Wednesday, June 13, 2018
SPRINGDALE — A project linked to the Walton family will bring retail, restaurant and office space to downtown Emma Avenue, the developer announced Tuesday.
Site work will begin in July at the old Ryan’s Clothing Store, which will be renovated, and the adjacent San Jose Manor building, which will be torn down, according to a news release from a company called Springdale Downtown. Construction is set to begin next year.
The announcement is the latest piece of a yearslong public and private push to transform the city’s downtown between Thompson Street to Old Missouri Road. Springdale has spent several million dollars on water and street improvement in and around Emma.
This new project sits in the middle, with recently renovated Tyson Foods offices to one side and the Razorback Greenway and redone Walter Turnbow Park to the other.
The release gives few details of the project, describing it as a mixed-use commercial development “customized to meet the needs of the downtown community.” A spokeswoman for the project Tuesday said the developers aren’t ready to share more information.
Mayor Doug Sprouse and the executive director of the nonprofit Downtown Springdale Alliance hailed the announcement.
“We are extremely excited to hear the plans that they have for the two buildings and know that this is going to be just another step in the right direction of bringing additional revitalization to downtown,” said Kelly Syer, the alliance director. “We know that this is going to have a really wonderful ripple effect.”
The Springdale Chamber of Commerce and the Downtown Springdale will host Invest Springdale from 11:30 a.m. to
5 p.m. Thursday at the Jones Center. The event is focused on investment and development in Downtown Springdale. Tickets are $25. Register at springdale. com/InvestSpringdale.
Source: Staff report
The adjoining buildings have been vacant for several years, Syer said. Ryan’s Clothing closed in 2013 after almost 50 years.
Springdale Downtown is registered in Delaware with the same registering agent as the Walton Family Foundation. It also shares a Bentonville P.O. box with the Walton Enterprises real estate and property management company, according to Washington County property records and the Greater Bentonville Area Chamber of Commerce.
Springdale Downtown in 2014 bought 0.7 acres along Emma between Spring and Commercial streets for about $1.2 million, the records show. The group also bought about an acre to the north in 2014.
The developer for the project, Ropeswing Hospitality Group, is also registered under the same agent as the other companies in Delaware. The state is the registration location for a majority of Fortune 500 companies and other businesses drawn by relaxed incorporation regulations there, according to the Los Angeles Times.
Syer said Ropeswing, whose projects include the Record event space and others in downtown Bentonville, pays attention to detail and has shown it can pick the right kind of projects to best generate economic activity in an area.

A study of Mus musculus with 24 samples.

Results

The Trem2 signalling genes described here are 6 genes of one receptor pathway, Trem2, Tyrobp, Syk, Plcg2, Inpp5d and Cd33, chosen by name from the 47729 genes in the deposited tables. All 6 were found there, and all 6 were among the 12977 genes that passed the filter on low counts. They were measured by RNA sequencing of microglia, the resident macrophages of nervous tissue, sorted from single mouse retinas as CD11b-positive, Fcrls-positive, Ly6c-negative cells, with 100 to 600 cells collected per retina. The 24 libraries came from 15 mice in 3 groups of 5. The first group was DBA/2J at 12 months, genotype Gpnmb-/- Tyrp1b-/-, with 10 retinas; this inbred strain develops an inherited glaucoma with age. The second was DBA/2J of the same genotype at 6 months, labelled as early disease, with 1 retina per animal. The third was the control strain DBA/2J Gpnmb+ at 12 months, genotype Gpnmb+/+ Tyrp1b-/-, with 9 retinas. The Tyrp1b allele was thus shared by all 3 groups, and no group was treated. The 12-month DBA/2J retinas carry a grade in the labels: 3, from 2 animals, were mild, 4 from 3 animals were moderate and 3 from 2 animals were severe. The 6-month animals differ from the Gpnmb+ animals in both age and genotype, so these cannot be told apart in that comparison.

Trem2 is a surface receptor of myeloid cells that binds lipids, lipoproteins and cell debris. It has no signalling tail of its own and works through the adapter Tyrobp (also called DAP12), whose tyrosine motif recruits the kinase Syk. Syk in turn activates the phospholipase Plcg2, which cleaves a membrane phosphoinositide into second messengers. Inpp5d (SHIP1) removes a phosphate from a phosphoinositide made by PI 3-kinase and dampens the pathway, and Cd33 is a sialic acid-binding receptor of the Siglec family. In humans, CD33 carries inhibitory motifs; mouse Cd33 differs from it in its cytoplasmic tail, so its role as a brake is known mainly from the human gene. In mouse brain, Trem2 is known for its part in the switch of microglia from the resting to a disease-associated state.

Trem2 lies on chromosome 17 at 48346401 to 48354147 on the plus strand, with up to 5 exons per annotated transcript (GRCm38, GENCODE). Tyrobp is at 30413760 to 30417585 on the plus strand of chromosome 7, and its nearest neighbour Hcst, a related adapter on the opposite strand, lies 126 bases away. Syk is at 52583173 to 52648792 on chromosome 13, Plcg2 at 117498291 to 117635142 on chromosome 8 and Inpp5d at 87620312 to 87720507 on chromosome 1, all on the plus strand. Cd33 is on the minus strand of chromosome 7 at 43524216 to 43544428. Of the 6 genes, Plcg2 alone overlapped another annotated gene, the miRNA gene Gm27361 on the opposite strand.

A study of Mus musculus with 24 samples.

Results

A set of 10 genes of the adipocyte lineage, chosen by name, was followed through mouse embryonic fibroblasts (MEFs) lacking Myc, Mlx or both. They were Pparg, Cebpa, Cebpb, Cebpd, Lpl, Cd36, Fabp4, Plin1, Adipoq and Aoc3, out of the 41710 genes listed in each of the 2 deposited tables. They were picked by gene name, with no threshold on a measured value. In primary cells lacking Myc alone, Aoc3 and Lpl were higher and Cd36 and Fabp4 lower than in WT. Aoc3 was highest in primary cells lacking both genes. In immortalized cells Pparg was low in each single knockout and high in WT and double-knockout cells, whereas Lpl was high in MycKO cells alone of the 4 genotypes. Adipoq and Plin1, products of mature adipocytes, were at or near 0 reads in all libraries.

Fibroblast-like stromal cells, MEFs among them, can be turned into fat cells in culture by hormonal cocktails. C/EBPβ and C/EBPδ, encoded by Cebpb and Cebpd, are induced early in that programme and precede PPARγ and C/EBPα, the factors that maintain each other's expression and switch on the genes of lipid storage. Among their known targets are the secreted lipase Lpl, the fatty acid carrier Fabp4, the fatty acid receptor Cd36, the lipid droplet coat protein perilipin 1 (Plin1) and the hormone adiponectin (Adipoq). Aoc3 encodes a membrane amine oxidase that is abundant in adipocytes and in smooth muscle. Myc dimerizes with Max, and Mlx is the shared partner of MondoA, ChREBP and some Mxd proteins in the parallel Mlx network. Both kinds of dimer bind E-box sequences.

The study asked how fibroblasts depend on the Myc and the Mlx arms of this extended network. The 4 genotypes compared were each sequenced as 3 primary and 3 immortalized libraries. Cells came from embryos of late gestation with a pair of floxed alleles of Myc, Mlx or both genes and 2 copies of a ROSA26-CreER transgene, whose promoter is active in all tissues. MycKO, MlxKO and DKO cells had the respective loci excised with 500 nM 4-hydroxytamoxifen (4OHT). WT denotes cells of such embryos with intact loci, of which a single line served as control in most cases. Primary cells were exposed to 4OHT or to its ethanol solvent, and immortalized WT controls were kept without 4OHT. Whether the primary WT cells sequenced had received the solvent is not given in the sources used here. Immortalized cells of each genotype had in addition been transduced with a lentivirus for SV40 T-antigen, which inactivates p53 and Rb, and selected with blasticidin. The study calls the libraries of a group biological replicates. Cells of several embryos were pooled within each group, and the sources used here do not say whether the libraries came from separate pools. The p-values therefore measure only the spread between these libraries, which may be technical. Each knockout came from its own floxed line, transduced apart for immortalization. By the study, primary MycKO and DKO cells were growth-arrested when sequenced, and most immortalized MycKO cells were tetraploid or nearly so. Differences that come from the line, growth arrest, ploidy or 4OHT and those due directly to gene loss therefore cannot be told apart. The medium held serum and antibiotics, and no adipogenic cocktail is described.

The area in and around Springdale’s downtown is one of the most diverse and low-income sections in Northwest Arkansas, home to thousands of Hispanic and Marshall Islander immigrants and their families, according to recent U.S. Census Bureau estimates.
A Walton Family Foundation-commissioned report from the University of Arkansas College of Business recently found Springdale’s downtown population was the youngest of the area’s five biggest cities and the only one whose workers were mostly blue-collar rather than in white-collar and service jobs.
It’s long been a hard place for businesses to take root, said Javier Yanez, who’s owned Yanez Alterations on Emma Avenue for two decades. He said his business does well because a lot of people need it, but others come and go quickly. Springdale’s road and utility work, which closed several sections of the street, cost him tens of thousands of dollars of business, he said.
The road work is done for now, but Yanez said he believes the task of truly revitalizing the place and bringing in enough people to sustain more restaurants and businesses is far from finished. One thing it’ll need is more parking, he added.
Sprouse agreed there’s more to do and more street work could come.
“This has been a pretty short timeline so far, and our downtown has come a tremendous way,” he said Tuesday afternoon. “We’re actually just beginning to see it.”
Even after the lunch hour Tuesday, several people sat outside a taqueria and another food shop. Insects buzzed in the landscaped flowers and decorative plants along the road. Parking spots were mostly full, particularly west of the Arkansas & Missouri Railroad tracks.
“There is a change, a positive change,” said Margarita Solorzano, who heads the Hispanic Women’s Organization of Arkansas at its Emma office and lives nearby. “People are paying more attention.”
Residents worry a bit all of the new investment and corporate presence could raise property value and make it harder for them to afford the homes they worked hard and long to buy, Solorzano added. Already she and other neighbors get mailers from investors offering to buy their homes as-is — some pleasant, others aggressive and pushy, she said.
“We welcome the prosperity, but at the same time, we want to keep the homes we have,” she said.
Sprouse said he expects Springdale’s downtown to retain its identity even as it grows. The aim isn’t to become just like downtown Bentonville or Fayetteville, he said, and he doesn’t think gentrification will be a major problem.
“Downtown will always be a place that anyone can live in and enjoy,” he said.